Return of music to film... who knew it could be this good?

posted by Jeff | Monday, January 28, 2002, 12:19 AM | comments: 0

Stephanie and I rented Moulin Rouge this weekend. Hey, I can stand to look at Nicole Kidman for two hours in a bad movie, so why not give this one a shot?

I knew it was a musical, but after the first fifteen minutes, I was like, "What the fuck is this?" I was aware of the Lady Marmalade remake, but before too long I was hearing Elton John, The Police, Madonna, Queen and others. Once I got over the familiarity of the songs, I realized that every last borrowed lyric fit perfectly, and it was no longer distracting.

In any case, Nicole Kidman and Ewan McGregor actually do their own singing in this overwhelmingly visual tragic love story. The director apparently has a thing for tragic love stories, as he's the guy who did the also very stylized Romeo+Juliet. These kinds of stories have that fundamental love story we love, but also have the death that American audiences hate.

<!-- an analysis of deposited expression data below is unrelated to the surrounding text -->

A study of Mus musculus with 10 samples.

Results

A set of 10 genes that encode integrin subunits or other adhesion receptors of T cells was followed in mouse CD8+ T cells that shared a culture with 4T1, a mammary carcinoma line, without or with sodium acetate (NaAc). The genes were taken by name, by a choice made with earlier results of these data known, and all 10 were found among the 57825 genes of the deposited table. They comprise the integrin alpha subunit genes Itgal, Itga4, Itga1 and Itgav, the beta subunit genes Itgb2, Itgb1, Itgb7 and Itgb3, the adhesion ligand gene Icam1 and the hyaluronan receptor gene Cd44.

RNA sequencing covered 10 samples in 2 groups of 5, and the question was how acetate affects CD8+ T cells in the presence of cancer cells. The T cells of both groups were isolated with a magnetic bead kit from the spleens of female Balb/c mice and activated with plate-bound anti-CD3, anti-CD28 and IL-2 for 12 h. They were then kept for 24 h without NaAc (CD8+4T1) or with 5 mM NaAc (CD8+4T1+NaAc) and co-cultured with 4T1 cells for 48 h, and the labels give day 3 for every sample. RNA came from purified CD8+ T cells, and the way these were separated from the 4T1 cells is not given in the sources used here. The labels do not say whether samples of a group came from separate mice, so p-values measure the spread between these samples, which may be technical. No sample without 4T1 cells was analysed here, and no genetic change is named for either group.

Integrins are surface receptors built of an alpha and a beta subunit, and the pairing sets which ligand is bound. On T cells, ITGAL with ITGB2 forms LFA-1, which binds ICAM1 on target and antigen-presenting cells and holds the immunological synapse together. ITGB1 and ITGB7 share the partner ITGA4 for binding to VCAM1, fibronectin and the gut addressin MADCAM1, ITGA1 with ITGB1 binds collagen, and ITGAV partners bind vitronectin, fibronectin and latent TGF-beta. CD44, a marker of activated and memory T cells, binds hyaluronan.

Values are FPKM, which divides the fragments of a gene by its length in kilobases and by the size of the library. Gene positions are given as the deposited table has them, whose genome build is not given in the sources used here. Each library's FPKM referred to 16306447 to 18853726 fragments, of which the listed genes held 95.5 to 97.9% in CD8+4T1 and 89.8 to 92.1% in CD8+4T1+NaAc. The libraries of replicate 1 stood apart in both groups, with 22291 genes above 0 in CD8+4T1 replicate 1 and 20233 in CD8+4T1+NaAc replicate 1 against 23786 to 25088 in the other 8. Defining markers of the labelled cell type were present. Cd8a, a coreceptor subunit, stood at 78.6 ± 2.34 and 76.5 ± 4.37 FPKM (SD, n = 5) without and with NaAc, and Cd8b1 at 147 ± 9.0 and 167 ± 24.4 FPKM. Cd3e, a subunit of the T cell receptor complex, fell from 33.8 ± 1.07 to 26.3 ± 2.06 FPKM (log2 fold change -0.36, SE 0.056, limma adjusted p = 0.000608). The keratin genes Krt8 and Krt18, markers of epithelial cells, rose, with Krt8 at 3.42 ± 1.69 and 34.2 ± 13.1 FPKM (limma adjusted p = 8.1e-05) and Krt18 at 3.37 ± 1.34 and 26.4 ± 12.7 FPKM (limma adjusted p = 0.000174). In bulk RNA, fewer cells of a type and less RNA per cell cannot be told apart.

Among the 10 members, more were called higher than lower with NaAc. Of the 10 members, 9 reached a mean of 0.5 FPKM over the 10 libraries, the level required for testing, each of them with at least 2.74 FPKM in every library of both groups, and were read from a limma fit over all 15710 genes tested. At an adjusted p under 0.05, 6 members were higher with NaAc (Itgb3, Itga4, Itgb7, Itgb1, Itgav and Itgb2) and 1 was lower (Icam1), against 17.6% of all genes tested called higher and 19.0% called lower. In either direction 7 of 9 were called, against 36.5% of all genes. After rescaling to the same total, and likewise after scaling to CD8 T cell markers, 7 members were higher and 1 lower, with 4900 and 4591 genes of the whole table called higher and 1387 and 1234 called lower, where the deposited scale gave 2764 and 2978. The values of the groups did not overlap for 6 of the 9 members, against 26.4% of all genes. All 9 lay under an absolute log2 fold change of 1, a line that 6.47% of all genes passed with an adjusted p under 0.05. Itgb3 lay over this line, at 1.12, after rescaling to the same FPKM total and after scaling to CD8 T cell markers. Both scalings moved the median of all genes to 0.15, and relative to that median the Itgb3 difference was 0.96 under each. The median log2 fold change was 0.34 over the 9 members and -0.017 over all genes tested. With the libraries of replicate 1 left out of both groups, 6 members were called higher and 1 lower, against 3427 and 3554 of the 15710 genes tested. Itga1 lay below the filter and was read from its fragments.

I've always been a fan of theater, and I dig musical theater in a strage way as well. Yeah, some people would say I'm a big loser because I only like the popular stuff, but fuck them, I know what I like. Moulin Rouge is musical theater captured to film. What's great about it being a film is that you've got all these other tools that you can use to create the atmosphere and feel you're looking for; bigger sets, skillful editing, closer to perfect audio and a thousand cinematic devices you can't use on the stage.

As I kind of implied, there's nothing terribly special about the story. It has been told a thousand times. What sets this one apart is the visual intensity of it, combined with the emotional intensity that music can bring about. I can see why critics would slam it, because critics are too into their "craft" to ever let themselves be drawn in emotionally to anything they're supposed to crituque.

So to conclude my rambling, I guess what I'm trying to say is that the film was pretty amazing, for reasons that I wouldn't ordinarily associate with a film.